By Chris and Chom Greacen
No doubt that better and faster internet would bring economic, educational and communication benefits. Speaking personally, it is frustrating to pay Centurytel for 1.5 megabytes of download speed only to get as low as 0.02 Mbps or no internet at all. But we have grave concerns about OPALCO’s current business plan to venture into broadband business.
OPALCO has 75-year experience running electricity distribution as a monopoly business, with relatively little technological innovation and with extensive federal subsidies (priority access to discounted wholesale electricity from BPA, and having BPA cover the extremely high cost of delivering power underwater to Lopez). Even in the field of its expertise, OPALCO has been slow to adapt to and capitalize on the new challenges of changing electricity market. For example, OPALCO is letting slip precious opportunities to restructure tariffs and to proactively invest in energy efficiency and local energy generation in response to the threat of more costly Tier 2 electricity and diminishing low-cost supplies.
Is OPALCO well-suited to dive into a new and competitive business of telecommunications with very fast changing and complicated technology and no federal subsidies? We’ve seen examples of other coops and municipal utilities having made similar decisions to venture into telecom and fail miserably.
Chelan County Public Utility District decided in early 2000s to take advantage of its fiber optic backbone and invested in expanding its network to provide internet to its rural customers. A decade later, it was losing $8 million/year and faced with the difficult choice of having to sell its network to cut its losses, cough up about $100 million to cover outstanding debt, or hike electricity rates significantly to stay afloat. And Chelan had one thing OPALCO doesn’t: deep pockets. Chelan PUD got in deep financial trouble with broadband even though it had the financial advantage of revenues from owning three hydropower projects totaling over 2000 MW.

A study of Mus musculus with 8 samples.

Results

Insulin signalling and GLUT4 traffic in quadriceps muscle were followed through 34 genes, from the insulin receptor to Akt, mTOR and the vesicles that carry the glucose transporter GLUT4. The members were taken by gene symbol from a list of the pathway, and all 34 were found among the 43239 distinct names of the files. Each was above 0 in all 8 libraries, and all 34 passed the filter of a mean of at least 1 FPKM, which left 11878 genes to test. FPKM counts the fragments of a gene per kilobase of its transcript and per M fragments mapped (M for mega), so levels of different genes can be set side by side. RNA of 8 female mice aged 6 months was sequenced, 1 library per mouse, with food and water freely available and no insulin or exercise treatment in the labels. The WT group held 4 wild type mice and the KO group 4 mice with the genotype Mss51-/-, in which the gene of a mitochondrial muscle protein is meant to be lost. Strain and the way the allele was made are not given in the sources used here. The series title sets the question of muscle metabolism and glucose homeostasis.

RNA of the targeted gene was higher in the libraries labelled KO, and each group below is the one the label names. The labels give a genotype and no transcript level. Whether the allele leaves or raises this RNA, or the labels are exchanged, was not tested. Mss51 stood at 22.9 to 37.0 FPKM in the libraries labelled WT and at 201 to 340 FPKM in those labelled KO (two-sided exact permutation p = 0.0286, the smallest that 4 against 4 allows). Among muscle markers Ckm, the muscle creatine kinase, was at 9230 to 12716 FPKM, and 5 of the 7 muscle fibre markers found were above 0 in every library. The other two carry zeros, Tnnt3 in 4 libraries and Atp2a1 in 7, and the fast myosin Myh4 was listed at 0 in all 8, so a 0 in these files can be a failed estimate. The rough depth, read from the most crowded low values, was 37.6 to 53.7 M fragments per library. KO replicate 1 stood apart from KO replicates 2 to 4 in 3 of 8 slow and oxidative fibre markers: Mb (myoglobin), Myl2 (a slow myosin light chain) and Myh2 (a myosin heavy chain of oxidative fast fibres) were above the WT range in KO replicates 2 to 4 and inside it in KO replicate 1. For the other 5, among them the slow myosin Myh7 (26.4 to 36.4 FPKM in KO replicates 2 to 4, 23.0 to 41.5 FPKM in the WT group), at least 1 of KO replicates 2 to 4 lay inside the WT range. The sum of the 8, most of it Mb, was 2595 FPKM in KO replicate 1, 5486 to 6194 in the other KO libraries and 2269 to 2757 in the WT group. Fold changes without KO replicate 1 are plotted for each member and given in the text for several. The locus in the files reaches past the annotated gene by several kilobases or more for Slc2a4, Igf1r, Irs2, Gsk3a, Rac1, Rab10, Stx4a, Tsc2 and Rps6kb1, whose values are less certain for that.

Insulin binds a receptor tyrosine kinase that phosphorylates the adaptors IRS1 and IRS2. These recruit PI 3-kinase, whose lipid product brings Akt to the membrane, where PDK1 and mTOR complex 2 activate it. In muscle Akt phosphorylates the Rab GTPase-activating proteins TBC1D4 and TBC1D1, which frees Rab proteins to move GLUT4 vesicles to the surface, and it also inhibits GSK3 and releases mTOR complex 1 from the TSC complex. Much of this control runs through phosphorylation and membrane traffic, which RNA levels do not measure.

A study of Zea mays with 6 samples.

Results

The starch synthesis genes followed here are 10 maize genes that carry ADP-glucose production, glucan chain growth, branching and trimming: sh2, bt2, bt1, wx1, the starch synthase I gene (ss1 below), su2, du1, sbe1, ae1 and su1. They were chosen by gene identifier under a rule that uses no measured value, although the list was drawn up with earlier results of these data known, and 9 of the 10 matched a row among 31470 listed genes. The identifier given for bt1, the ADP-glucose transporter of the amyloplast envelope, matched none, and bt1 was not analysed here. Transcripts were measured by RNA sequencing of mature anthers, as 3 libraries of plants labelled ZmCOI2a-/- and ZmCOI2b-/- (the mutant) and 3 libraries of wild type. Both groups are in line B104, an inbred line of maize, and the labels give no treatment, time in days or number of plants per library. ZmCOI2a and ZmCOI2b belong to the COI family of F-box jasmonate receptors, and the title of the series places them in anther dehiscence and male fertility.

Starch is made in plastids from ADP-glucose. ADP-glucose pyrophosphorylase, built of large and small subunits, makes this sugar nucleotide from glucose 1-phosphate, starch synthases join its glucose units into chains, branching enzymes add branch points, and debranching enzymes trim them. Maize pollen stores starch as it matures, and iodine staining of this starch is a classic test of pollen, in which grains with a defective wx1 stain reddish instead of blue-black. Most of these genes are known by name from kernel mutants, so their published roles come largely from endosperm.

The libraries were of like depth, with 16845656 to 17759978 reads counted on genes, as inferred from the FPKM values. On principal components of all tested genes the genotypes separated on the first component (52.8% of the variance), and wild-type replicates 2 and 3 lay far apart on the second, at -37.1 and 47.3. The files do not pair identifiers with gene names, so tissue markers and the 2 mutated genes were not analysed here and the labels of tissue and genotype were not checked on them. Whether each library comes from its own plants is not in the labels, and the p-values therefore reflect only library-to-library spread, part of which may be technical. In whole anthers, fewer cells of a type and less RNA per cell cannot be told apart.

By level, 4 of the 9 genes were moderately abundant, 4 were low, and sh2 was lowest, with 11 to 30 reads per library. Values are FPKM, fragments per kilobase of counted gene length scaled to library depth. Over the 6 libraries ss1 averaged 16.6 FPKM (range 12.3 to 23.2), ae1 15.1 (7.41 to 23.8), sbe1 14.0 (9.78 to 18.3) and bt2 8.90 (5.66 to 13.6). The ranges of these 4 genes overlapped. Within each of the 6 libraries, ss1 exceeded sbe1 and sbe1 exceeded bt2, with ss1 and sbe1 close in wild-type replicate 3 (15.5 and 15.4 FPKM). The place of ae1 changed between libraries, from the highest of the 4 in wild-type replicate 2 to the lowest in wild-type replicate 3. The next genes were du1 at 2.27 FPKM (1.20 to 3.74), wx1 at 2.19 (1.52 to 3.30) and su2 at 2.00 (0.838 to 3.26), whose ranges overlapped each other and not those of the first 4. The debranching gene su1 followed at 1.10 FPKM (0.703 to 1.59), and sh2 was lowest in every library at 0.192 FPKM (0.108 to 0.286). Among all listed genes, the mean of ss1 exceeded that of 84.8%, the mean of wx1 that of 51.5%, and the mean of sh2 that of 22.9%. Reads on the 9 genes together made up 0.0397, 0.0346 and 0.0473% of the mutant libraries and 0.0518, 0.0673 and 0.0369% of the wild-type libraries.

The City of Ashland’s municipal electric utility got into a similar mess a decade ago and had to pay off $15.5 million in debt and raise rates, hurting low and middle-income residents. Utilities in Utah and Connecticut also suffered similar predicaments as a result of technological advances, stiff competition and lack of experience.
What specific measures does OPALCO propose to avoid the fate that fell to these utilities? Is OPALCO confident it has the expertise, experience, resources and nimbleness to survive and thrive in such a cut-throat competitive industry? What financial firewall provisions are OPALCO putting in place to protect OPALCO’s $60 million in assets if the plan goes rotten?
When OPALCO asks its members to underwrite, through a regressive $15 per month fee, a $34 million investment (assuming no cost overruns) that could put its core business and members’ capital credit at risk, it is naturally expected that financial information on the broadband investment be made available to its members. We have attended/followed several board meetings in hope of learning more about the financial details. But, while board meetings are normally open to members, the board discussions on broadband were exclusive (members not allowed to observe). The most information OPALCO has offered so far is a 15-page summary document with very little detail on financial analysis. With lack of information transparency, it is difficult for members to properly evaluate the risks and economics of the broadband venture and make an informed decision on whether to sign up or opt out.
Cutthroat industry. Little experience. Apparently no financial firewalls to protect a public service we rely on. Lack of transparency in information available to members. This doesn’t look good. Let’s look at other options for getting fast internet, like maybe leasing bandwidth on OPALCO’s existing fiber optic lines to someone else better poised to take these risks.
The Greacens work in the field of energy, ranging from policy, legal and regulatory framework to small-scale system design and installation, to enable changes towards justice, democracy and sustainability.